Graduate Defense: Patrick Mallory
December 9 @ 11:00 am - 1:00 pm MST
Title: A Tier 2 Support for Online Learners: Implementing a Technology-aided Check-in/Check-out for High School Students with Autism
Program: Doctor of Education in Curriculum and Instruction
Advisor: Dr. Patricia Hampshire, Co-chair, Early and Special Education, and Dr. Keith Thiede, Curriculum, Instruction, and Foundational Studies
Committee Members: Dr. Deb Carter, College of Education, Dr. Jeremy Ford, Early and Special Education, and Dr. Michael Humphrey, Early and Special Education
Online education is an increasingly popular format of schooling used around the world (Digital Learning Collaborative, 2019). For students with Autism Spectrum Disorders (ASDs), challenges with executive functioning skills like self-management can have a significant impact on their ability to successfully participate in online learning. With a growing number of students with disabilities like ASD participating in online education, there is a need to explore support strategies that promote self-management in virtual environments that take into consideration the unique barriers of these students and their families. However, there is very limited research on providing behavioral support for students with ASD in online learning environments.
This study used a mixed-method research design to determine the effectiveness of a technology-aided, modified Check-In/Check-Out (CICO) intervention package to improve the on-task behavior of three high school students with ASD enrolled in full-time online school. Additionally, this study sought to determine if there were changes in the self-efficacy of students and their parents throughout the duration of the study. The intervention package included a technology-aided CICO intervention, initial parent training of the intervention, and ongoing parent coaching.
A multiple baseline across participants design was used to measure the percentage of on-task behavior for each student. Visual analysis was used to determine changes in trend and level across baseline and intervention phases of the intervention. Qualitative data was collected in two ways: students completed a self-efficacy questionnaire at the end of each observation, and parents described changes in their self-efficacy to support their students by participating in multiple semi-structured interviews throughout the study. The interviews were coded to identify common themes. A mixed-methods analysis was used to determine how the qualitative data informed the quantitative data.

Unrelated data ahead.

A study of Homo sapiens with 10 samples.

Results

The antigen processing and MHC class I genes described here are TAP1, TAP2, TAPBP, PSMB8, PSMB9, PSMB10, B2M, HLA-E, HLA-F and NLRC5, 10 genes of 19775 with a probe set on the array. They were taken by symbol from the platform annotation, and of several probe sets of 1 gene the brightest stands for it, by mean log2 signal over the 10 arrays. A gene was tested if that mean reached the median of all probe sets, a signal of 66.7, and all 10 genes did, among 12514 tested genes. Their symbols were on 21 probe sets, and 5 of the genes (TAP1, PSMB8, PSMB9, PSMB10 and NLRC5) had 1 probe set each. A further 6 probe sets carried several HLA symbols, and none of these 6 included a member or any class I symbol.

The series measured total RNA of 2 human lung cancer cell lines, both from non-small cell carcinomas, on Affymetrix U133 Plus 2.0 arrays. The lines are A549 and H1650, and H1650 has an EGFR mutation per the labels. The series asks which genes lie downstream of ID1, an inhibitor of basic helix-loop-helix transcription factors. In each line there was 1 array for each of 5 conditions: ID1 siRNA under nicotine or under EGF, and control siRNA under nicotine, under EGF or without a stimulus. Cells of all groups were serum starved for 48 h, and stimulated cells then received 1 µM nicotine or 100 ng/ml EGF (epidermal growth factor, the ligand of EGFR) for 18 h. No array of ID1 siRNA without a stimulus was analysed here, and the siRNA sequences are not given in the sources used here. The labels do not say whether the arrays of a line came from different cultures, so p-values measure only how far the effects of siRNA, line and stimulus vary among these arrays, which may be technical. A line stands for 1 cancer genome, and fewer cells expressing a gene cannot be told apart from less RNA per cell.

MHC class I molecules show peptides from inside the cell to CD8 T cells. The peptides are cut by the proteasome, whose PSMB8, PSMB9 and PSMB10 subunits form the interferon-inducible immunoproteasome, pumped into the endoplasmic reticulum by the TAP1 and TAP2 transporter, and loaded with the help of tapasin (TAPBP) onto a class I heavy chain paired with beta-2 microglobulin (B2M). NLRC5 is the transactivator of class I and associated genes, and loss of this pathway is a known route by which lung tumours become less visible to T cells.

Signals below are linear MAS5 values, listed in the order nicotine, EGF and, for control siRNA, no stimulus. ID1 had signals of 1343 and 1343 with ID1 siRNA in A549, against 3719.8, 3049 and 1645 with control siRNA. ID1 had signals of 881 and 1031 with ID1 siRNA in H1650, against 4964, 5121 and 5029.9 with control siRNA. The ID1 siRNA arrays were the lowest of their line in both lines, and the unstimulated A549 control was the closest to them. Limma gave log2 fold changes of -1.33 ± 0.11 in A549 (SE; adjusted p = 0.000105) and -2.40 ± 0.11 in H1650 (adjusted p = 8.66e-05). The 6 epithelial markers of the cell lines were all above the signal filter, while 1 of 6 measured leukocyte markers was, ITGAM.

Results suggest the implementation of the CICO intervention increased on-task behavior of all three students. However, the intervention did not appear to have any influence on student self-efficacy. The parent interviews centered around four main themes: student learning challenges, parent engagement with the students, parent self-confidence, and support for the parent. Each parent viewed the intervention favorably and felt more capable of supporting their students after using the intervention.
This study highlights areas that must be considered when developing and implementing individualized interventions in an online learning environment. For students to gain the skills necessary to self-manage in these settings, steps need to be made to ensure students and parents are active participants in intervention development and decision-making processes. Limitations of the study are addressed and suggestions for future research are provided.